Title of Oral/Poster Presentation

Are you thinking what I'm thinking? A neuroscientific analysis of mentalization in social dilemmas

Class

Article

Graduation Year

2018

College

Emma Eccles Jones College of Education and Human Services

Department

Psychology Department

Faculty Mentor

Dr. Kerry Jordan

Presentation Type

Oral Presentation

Abstract

The ability to anticipate and predict the actions of others, and respond accordingly, has been termed “Theory of Mind” (ToM). The capacity for ToM-reasoning is essential across many aspects of social cognition; it plays a crucial role in empathy (Koster-Hale, Saxe, Dungan, & Young, 2013), as well as decision-making and inhibition (Ahmed & Miller, 2011). The Chicken Game (Rapoport & Chammah, 1966) is a social dilemma used to model the choice to cooperate or defect against another individual. Participants are told that they are quickly approaching another car on a one-lane bridge, and they must decide to either swerve to avoid the car (cooperate), or stay straight, and hope the other driver swerves (defect). The other driver must also quickly decide how to act, and each outcome has an associated point value. The goal for the game is to outscore the other player, with defection choices carrying significantly greater risk (or reward). Thus, to perform well in the game, the correct appraisal of the other player’s choice is paramount.

Mentalization abilities are studied in the form of choices made from the first-person (“self”) perspective, and ToM-based predictions of the other player’s choice. In the context of the game, participants will decide to cooperate or defect, then be asked either a ToM question (i.e., “What do you think your opponent chose to do?”), or a non-ToM control question (i.e., “What color is your car?”). Electroencephalography, EEG, is used as a measure of activity and reaction time in cortical areas relevant to ToM processing (e.g., prefrontal cortex, inferior parietal lobule, temporoparietal junction, superior temporal sulcus). Both perspectives (i.e., “self” and “other”) are analyzed using ERP, particularly “contingent negative variation” (CNV); CNV activity has been associated with the expectation or anticipation of a reward (Judah, Grant, Mills, & Lechner, 2013).

Location

Room 101

Start Date

4-13-2017 1:30 PM

End Date

4-13-2017 2:45 PM


Are you thinking what I'm thinking? A neuroscientific analysis of mentalization in social dilemmas

Room 101

The ability to anticipate and predict the actions of others, and respond accordingly, has been termed “Theory of Mind” (ToM). The capacity for ToM-reasoning is essential across many aspects of social cognition; it plays a crucial role in empathy (Koster-Hale, Saxe, Dungan, & Young, 2013), as well as decision-making and inhibition (Ahmed & Miller, 2011). The Chicken Game (Rapoport & Chammah, 1966) is a social dilemma used to model the choice to cooperate or defect against another individual. Participants are told that they are quickly approaching another car on a one-lane bridge, and they must decide to either swerve to avoid the car (cooperate), or stay straight, and hope the other driver swerves (defect). The other driver must also quickly decide how to act, and each outcome has an associated point value. The goal for the game is to outscore the other player, with defection choices carrying significantly greater risk (or reward). Thus, to perform well in the game, the correct appraisal of the other player’s choice is paramount.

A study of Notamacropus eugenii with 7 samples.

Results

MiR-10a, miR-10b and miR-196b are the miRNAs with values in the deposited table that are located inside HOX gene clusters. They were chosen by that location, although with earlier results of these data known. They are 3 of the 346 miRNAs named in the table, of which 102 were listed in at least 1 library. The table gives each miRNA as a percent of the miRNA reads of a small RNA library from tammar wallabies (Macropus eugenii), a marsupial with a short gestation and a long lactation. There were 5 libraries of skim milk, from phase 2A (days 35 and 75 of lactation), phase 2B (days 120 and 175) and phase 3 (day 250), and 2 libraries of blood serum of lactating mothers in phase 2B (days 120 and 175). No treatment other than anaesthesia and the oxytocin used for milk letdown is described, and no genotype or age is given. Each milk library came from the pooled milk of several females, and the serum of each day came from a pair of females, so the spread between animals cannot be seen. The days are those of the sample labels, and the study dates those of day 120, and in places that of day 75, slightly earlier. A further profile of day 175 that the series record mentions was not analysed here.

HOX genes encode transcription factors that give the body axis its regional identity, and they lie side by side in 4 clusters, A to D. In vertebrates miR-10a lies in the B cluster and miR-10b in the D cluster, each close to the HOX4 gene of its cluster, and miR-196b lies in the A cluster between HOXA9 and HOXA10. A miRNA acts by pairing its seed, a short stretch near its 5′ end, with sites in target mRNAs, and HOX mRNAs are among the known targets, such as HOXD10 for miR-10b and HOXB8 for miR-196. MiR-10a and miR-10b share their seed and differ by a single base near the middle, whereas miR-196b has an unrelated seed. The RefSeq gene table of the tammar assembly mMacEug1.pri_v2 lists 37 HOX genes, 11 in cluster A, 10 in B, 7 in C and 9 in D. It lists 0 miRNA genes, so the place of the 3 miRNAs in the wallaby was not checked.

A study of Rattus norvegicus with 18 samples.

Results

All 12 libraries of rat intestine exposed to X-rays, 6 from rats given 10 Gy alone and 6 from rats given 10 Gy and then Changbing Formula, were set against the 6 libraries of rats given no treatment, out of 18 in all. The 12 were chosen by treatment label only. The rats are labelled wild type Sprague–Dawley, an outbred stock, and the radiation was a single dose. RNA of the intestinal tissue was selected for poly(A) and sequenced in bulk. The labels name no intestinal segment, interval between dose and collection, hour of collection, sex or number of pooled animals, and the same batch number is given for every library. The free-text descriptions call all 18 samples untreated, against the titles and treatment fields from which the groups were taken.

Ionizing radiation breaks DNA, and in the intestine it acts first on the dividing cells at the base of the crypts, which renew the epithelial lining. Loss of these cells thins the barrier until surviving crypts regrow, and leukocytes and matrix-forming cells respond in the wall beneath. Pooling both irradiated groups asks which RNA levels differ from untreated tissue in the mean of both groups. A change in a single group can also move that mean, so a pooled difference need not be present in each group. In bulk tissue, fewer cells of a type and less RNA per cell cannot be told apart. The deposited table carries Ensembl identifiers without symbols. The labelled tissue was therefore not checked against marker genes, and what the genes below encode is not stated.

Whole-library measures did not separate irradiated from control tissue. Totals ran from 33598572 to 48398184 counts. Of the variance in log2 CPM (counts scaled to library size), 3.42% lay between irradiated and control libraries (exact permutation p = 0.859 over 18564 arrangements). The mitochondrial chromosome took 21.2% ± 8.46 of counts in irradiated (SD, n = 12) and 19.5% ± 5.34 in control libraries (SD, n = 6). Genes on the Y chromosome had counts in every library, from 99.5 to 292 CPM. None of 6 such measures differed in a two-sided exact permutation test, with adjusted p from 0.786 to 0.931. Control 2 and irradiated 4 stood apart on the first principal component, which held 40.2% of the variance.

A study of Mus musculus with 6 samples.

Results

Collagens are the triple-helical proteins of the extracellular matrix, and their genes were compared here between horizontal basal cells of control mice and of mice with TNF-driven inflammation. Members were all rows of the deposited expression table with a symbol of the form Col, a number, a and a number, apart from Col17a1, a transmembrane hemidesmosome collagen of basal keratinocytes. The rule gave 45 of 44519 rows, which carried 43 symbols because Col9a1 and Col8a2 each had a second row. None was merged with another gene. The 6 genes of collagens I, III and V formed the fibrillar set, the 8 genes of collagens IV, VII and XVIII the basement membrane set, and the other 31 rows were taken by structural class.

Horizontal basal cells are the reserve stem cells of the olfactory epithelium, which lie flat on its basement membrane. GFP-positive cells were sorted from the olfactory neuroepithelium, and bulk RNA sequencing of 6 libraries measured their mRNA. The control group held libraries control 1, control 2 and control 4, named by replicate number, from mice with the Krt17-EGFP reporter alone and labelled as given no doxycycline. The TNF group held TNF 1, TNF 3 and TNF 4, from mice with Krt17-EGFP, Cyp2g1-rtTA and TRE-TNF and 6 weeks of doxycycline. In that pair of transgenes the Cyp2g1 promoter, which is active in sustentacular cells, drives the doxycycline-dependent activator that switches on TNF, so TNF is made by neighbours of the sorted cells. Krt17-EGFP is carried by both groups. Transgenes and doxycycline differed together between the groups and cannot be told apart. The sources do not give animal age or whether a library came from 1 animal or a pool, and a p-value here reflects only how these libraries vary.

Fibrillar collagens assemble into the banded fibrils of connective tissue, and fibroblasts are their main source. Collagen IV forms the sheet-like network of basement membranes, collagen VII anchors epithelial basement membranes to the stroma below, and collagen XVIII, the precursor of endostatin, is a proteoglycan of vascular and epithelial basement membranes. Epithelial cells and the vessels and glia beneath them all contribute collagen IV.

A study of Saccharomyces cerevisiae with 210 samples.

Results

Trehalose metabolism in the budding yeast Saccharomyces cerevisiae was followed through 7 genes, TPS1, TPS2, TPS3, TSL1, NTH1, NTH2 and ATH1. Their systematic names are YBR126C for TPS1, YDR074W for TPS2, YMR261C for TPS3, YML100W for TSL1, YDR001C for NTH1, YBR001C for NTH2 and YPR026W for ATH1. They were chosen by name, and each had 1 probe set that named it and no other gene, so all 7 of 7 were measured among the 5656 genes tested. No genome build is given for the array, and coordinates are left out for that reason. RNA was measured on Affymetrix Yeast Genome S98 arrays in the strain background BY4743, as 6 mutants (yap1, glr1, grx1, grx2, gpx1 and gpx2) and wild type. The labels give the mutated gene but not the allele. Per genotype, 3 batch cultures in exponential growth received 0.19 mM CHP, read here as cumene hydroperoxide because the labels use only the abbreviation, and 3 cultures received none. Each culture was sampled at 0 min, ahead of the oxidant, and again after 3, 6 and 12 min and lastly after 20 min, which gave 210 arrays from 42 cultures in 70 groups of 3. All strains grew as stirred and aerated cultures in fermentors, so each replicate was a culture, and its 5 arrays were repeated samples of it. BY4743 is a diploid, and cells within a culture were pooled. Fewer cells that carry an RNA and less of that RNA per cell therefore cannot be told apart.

Mentalization abilities are studied in the form of choices made from the first-person (“self”) perspective, and ToM-based predictions of the other player’s choice. In the context of the game, participants will decide to cooperate or defect, then be asked either a ToM question (i.e., “What do you think your opponent chose to do?”), or a non-ToM control question (i.e., “What color is your car?”). Electroencephalography, EEG, is used as a measure of activity and reaction time in cortical areas relevant to ToM processing (e.g., prefrontal cortex, inferior parietal lobule, temporoparietal junction, superior temporal sulcus). Both perspectives (i.e., “self” and “other”) are analyzed using ERP, particularly “contingent negative variation” (CNV); CNV activity has been associated with the expectation or anticipation of a reward (Judah, Grant, Mills, & Lechner, 2013).